Title
# compose-web
d

David Herman

03/17/2024, 3:05 AM
Are Compose Multiplatform Resources, part of the 1.6.0 release, something that can also work with Compose HTML? (https://blog.jetbrains.com/kotlin/2024/02/compose-multiplatform-1-6-0-release/)
r

Robert Jaros

03/17/2024, 6:12 AM
It does work, but it currently has dependency on
skiko
and loads a lot of unused code. See my question here: https://kotlinlang.slack.com/archives/C01F2HV7868/p1706131400061739
thank you color 1
a

Arjan van Wieringen

03/17/2024, 7:29 AM
Why would you need this for Compose HTML? Everything already works out of the box, since you can just access your resources from the
resources
folder in your client Kotlin/JS code. At least, we haven't seen a reason we would need it in our web app.

03/17/2024, 7:32 AM
I would like to use
strings
to support different languages.
2
And I personally work with
common
code, so I can't just access these resources in my code.
a

Arjan van Wieringen

03/17/2024, 8:55 AM
Makes sense. But we also have those use-cases and we just made some simple helpers. We have po files in common code and read them in different places.

03/17/2024, 8:57 AM
Can you share your solution?

03/17/2024, 9:28 AM
Well, it is proprietary code (commercial app). Basically most problems can just be solved by simple interfaces and implementations and use of DI. We use DI heavily (Kodein) and have: • common di module (with all the common code) • platform specific modules (which implement platform specific interface implementations) But, typically it goes like this: • define or use a common format to work with the resource; Like a string, or maybe a data class hierarchy for something more complicated. • define a loader interface to load a certain resource type to a common format, so a PO file to a string • implement the loader interface in the lowest possible target (Common would be great); but for the PO one can imagine something like a URLLoader which fetches it from an URL • bind the implementation in a DI container to the interface The in common code we might have a TranslationService which injects a TranslationLoader (which is provided by the platform). This translation service can be used in any code. And it allows us to switch out implementations in tests or other places. The PO files are just in the common code resources dir and we use a gradle task to copy them (because they aren't copied from common code to platform resources). We also do this with SVG's (which are rendered as composables in Compose HTML, or used in backend kotlinx.html code). For the HTML target the resources and up in the web-app root folder, so we just use fetch as a loader in the browser. In backend code we just use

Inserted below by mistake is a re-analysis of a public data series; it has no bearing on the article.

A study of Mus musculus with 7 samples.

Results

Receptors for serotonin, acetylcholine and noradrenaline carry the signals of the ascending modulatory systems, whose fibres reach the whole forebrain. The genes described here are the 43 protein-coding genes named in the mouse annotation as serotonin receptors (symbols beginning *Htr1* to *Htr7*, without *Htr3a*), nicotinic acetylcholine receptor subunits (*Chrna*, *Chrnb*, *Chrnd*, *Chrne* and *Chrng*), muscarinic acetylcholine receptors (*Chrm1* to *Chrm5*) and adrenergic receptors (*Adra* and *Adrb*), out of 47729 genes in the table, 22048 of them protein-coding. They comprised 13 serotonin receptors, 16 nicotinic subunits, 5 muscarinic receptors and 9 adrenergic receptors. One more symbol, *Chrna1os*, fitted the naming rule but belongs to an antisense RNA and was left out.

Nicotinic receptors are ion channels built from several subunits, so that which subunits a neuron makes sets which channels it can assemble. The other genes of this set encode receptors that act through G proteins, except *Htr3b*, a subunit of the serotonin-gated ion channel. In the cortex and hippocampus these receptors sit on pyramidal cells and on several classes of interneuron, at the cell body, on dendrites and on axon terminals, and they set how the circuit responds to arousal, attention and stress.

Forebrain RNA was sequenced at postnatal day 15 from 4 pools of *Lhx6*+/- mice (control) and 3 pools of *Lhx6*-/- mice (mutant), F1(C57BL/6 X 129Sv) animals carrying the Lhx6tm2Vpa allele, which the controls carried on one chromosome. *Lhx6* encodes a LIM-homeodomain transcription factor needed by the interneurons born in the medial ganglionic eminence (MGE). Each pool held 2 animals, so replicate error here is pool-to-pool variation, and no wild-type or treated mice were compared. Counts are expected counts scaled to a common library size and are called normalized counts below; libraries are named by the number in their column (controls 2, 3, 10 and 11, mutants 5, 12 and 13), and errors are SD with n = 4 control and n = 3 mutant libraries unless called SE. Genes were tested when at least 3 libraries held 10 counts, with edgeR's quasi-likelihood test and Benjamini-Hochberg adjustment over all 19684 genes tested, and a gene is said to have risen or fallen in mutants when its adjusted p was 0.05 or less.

ClassLoader.resourceAsStream
We haven't run into any problems so far or haven't found usecases that we couldn't support. It's basically just plain old SOLID principles. When you are not a library creator but an application creator you don't need a lot of externals of expects or actuals. Simple interfaces and implementations work fine. But it can be that the problems other people run into we might still run into in the future.
🙏 1
r

Robert Jaros

03/17/2024, 9:47 AM
But perhaps you can tell how do you process "po" files (I assume gettext files) in KMP?

03/17/2024, 10:01 AM
Just parse them yourself? They aren’t that difficult
r

Robert Jaros

03/17/2024, 10:29 AM
People are making libraries for this 😉 https://github.com/kropp/kotlinx-gettext
a

Arjan van Wieringen

03/17/2024, 10:33 AM
True, for JVM and JS only and documentation is limited. And loading of the files in JS still requires me to do a fetch.
Nothing wrong with libraries, but for extremely basic functionality there's nothing wrong with sometimes rolling your own. If I wanted a library for every basic feature I'd start writing nodejs code. If I'd use the aforementioned library I'd have the basic same functionality but now with a dependency on someone I don't know for I don't know how long with a Gradle Plugin and a Kotlin Compiler Plugin..... no thank you. Way overengineered for something so basic.